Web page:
In a story WBN has followed closely. The shocking contract handed to Sylvester Stallone to make Rocky makes for grim reading for the Hollywood star.
At the time, a struggling actor with no name to speak of, Stallone was desperately trying to have his script about an underdog boxer-turned-loan shark named Rocky Balboa into a movie.
Helped by agents Craig T. Rumor and Larry Kubik, that dream eventually became a reality for Stallone. But the nature of the agreed terms hurt ‘Sly’ the most.
Stallone says he gets nothing from the profits of the first three movies and doesn’t “have one percent of the franchise to leave to his kids.”
Understandable to be feeling this way about a series that has cleared 1.65 billion dollars in green. But as the late Rumar’s son Chris informed WBN, Stallone was never going to be in a position to claim any future profits.
Sylvester Stallone – Rocky contract
In the 1970s, an unknown actor would only be offered a flat fee for his work. Acting, directing, or writing. This was the case for Stallone during those six films.
Outlining his reasoning, Rumar exclusively told World Boxing News: “I think what (WBN) wrote originally is great, and I believe you are correct that the Hollywood system, even today, does favor the studios and producers in terms of long-term profits over actors.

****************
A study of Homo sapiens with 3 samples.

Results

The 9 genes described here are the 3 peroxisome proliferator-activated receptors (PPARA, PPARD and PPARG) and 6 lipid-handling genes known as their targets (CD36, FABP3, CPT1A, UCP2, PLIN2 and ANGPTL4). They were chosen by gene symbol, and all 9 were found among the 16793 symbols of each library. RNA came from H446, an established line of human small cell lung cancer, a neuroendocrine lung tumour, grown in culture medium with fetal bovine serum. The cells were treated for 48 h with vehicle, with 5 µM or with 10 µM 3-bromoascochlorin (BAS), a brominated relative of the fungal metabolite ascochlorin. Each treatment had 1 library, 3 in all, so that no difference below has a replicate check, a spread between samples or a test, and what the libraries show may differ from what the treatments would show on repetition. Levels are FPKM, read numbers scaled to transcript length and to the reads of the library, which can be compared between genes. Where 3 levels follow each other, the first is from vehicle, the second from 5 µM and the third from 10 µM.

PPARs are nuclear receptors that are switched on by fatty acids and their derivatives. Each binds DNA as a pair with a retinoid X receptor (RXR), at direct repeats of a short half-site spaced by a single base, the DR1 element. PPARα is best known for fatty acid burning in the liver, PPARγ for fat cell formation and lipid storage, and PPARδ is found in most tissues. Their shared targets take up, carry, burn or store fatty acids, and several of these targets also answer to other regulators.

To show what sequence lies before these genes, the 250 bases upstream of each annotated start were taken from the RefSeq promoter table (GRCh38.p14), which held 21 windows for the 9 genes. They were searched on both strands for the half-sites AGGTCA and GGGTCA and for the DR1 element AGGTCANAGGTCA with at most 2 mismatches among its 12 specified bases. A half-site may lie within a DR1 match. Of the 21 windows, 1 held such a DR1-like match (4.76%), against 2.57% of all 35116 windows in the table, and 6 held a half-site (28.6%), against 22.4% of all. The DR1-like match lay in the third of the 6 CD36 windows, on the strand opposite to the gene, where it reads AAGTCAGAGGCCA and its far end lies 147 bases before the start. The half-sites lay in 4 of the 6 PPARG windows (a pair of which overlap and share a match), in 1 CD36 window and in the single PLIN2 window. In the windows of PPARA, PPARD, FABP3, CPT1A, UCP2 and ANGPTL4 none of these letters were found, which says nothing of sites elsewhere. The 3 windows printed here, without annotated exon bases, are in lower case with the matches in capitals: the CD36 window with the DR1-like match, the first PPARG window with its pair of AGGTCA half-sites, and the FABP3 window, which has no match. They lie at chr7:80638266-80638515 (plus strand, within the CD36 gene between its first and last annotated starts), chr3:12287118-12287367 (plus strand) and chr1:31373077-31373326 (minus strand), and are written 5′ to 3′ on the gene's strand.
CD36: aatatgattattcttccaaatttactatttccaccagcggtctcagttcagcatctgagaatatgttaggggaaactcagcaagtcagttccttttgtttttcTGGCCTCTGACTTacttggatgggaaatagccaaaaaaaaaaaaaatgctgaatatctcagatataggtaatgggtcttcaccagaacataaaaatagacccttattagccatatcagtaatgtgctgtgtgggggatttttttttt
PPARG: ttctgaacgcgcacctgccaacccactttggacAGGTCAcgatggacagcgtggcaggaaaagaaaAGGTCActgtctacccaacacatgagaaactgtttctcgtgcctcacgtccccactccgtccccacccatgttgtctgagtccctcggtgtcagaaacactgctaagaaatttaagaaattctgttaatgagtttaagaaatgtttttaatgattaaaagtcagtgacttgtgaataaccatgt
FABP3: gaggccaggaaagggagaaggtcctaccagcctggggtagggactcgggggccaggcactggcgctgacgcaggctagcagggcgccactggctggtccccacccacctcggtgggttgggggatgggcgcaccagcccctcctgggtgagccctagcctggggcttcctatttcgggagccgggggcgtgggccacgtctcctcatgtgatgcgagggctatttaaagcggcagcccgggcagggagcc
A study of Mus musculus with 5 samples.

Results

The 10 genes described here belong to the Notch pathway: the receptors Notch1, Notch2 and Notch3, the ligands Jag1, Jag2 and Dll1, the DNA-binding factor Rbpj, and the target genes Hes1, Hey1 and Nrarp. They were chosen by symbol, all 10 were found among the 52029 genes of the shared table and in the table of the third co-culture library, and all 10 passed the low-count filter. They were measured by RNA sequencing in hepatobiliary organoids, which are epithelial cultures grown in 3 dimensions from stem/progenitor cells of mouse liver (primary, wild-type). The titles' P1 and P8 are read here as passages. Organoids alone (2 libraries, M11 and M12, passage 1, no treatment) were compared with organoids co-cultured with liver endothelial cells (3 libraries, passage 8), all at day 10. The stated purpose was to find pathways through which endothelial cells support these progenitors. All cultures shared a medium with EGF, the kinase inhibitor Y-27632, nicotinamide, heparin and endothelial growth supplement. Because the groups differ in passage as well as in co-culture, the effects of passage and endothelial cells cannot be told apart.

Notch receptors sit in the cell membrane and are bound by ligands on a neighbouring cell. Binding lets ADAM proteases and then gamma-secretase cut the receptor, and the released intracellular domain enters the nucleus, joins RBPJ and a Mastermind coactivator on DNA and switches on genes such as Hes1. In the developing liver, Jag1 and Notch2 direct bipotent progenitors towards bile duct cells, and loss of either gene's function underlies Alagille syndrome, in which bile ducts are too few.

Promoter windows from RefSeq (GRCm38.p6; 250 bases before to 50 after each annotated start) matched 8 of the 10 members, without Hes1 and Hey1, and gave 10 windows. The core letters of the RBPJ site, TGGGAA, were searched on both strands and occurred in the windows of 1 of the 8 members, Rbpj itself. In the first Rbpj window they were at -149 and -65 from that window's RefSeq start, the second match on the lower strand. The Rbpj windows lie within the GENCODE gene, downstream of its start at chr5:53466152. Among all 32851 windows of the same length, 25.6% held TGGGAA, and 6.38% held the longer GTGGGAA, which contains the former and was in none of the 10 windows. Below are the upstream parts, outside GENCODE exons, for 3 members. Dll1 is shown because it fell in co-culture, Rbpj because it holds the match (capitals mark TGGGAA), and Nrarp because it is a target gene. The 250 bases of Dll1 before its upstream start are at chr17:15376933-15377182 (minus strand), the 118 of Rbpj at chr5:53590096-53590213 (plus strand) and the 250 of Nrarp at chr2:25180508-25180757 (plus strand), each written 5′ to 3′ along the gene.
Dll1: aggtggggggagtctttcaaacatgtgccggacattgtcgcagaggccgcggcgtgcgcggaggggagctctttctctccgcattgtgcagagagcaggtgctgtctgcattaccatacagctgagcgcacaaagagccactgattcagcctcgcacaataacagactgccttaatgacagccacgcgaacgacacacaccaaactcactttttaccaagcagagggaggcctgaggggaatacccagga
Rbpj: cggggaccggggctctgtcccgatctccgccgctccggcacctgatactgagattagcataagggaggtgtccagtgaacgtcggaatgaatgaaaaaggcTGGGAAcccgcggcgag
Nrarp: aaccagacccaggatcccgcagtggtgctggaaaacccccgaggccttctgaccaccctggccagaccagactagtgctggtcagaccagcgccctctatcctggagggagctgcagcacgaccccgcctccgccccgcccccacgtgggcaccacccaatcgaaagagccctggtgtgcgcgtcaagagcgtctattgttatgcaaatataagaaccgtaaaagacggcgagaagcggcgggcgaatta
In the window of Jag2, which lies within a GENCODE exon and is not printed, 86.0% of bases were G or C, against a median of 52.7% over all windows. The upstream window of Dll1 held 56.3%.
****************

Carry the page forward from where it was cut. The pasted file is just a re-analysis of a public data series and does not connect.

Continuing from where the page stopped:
“I also agree with Mr. Stallone 100% on his overall position,” he stated.
“My stepmother, Nancy Rumar, was married to my father for over 25 years and is even more intimately aware of the details regarding my father’s representation of Mr. Stallone, the production of Rocky, his complaints about franchise royalties, and his failure to pay my father and Mr. Kubik for breaking his contract with them.
“However, I must again point out that ability to dictate long-term royalties in the film industry is based on star power and projected earnings.
“In 1975, Mr. Stallone had neither of these. He was a no-name actor that wrote what turned out to be an iconic movie franchise.
“My father and Mr. Kubik secured for him the best possible deal at the time based on who Mr. Stallone was in terms of his status in the film industry.
“Had they demanded anything more than the standard contract for acting and writing, this film would have never been made. Mr. Stallone was in no position to dictate long-term or future royalties for basically what was an unknown commodity.”
Comparing Sylvester Stallone’s bid to maximize his stake in the Rocky Balboa project to boxing today, Rumar continued: “All entertainment from sports to music operates under this model.
“An unknown talent, without a track record of earnings, will not garner max or royalty-based contracts.
“I am sure that in the business of boxing that you cover, talented new boxers cannot command huge contracts and massive shares of PPV sales like an established boxer like Canelo Alvarez or Floyd Mayweather.
“If we are to believe Mr. Stallone about his Rocky contract, then Mike Tyson, after his first three fights, should have been making $5 million per fight, controlling the majority of the PPV profits, and be the main event at MSG circa 1985.
“We both know that would have never happened in the boxing industry.
“All I want is the truth (or as much of the truth as possible) to come out about Mr. Stallone, the Rocky franchise. Furthermore, that’s the least I can do to honor my father,” he concluded.